Lake-dwelling mite populations boomed at the height of the Andean civilization but dropped following the arrival of Spanish conquistadors

(Stanley Chen Xi / Getty Images)

To track the rise and fall of the Inca civilization, the new research—recently published in the Journal of Archaeological Science—relies on oribatid mites, which are tiny spider relatives that once feasted on the feces of llamas passing through their home in the Andean Marcacocha lake. Led by paleoecologist Alex Chepstow-Lusty of the University of Sussex, the study’s authors describe a strong correlation between Marcacocha’s mite population, as represented by specimens preserved in sediment cores retrieved from the now-muddy wetland, and that of the llamas (and, in a roundabout way, humans) the critters relied on for sustenance.

According to Wade, the team found that the mites’ numbers skyrocketed between 1483 and 1533, or the period when the Inca dominated the Andes region. During this golden age, Marcacocha was a popular thoroughfare for Inca merchants, who may have passed through the lake and its surrounding grasslands on their way to and from the ancient city of Ollantaytambo.

Accompanied by llamas tasked with carrying trading wares such as maize, salt and coca leaves, these travelers inadvertently boosted the lake’s oribatid mite population. As Chepstow-Lusty explains to the London Natural History Museum’s Josh Davis, their trading networks brought thousands of caravan-pulling llamas to a road, essentially “a highway over the mountains,” by the lake. After refueling with an invigorating gulp or two of water, the llamas defecated “en masse,” to borrow Wade’s words, and sprinkled the ground with feces that soon washed into the lake, where it was eagerly consumed by Marcacocha’s resident mites.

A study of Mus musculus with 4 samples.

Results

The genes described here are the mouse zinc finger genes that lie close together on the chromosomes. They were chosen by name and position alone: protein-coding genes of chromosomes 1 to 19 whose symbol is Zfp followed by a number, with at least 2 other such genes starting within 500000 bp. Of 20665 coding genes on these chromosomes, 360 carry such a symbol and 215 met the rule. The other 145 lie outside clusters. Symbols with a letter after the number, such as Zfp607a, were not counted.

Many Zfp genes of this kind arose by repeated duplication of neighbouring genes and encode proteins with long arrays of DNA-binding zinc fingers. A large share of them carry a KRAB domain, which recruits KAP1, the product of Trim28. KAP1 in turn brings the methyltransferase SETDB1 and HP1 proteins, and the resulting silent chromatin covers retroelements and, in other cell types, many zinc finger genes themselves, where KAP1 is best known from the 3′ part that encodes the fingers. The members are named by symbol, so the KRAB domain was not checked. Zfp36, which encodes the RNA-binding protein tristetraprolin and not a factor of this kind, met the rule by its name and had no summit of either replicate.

At the peak of the Inca’s power, more llamas wandered through the area, keeping its mite population well-fed. But upon the arrival of Spanish conquistadors led by Francisco Pizarro in the mid-16th century, the indigenous civilization quickly succumbed to violence and disease. By 1570, Mark Cartwright notes for Ancient History Encyclopedia, around 50 percent of the region’s pre-Hispanic population had been wiped out.

Anne Baker, a mite researcher at the Natural History Museum and co-author of the study, tells Davis that the lake-dwelling mites decreased in number alongside their human and llama counterparts. Although they somewhat recovered following the Spaniards’ introduction of Old World animals such as cows, horses and sheep, a 1719 smallpox epidemic again decimated both indigenous and animal populations, leaving the mites starved for food.

Interestingly, Wade writes for Science, the researchers’ investigation of a second poop-eating microorganism—Sporormiella, or fungus spores that live on herbivores and often reveal insights on the extinctions of large plant-eater populations—contradicted the results offered by both the mite analysis and the historical record. Usually, a drop in Sporormiella indicates species extinction.

But for the Marcacocha sample, it seems the spores fared best in dry periods, which found llamas pooping closer to the center of the shrinking lake. Conversely, the spores shrank during periods when the lake was brimming with water.

In the study, the authors explain that oribatid mite numbers tended to reflect the “well-documented, landscape-scale events” associated with the Spanish invasion, while Sporormiella spores remained “largely muted” throughout these same periods. It’s possible, they add, that Sporormiella studies offer misleading data when conducted on small, shallow lakes such as Marcacocha, and should therefore be considered in conjunction with alternative sources such as mite population figures.

“The spores may be saying more about the environmental conditions of the lake at that time,” Chepstow-Lusty tells Davis, “rather than about the herbivores that may have been living around it.”

Moving forward, the researchers hope to conduct similar mite studies at small lakes in Peru and other global locales. If the technique proves reliable, Chepstow-Lusty says, it could be used to uncover the fate of such lost civilizations as the sheep-dependent Vikings of mid-14th century Greenland. As he concludes, “Mites live in most regions of the world.”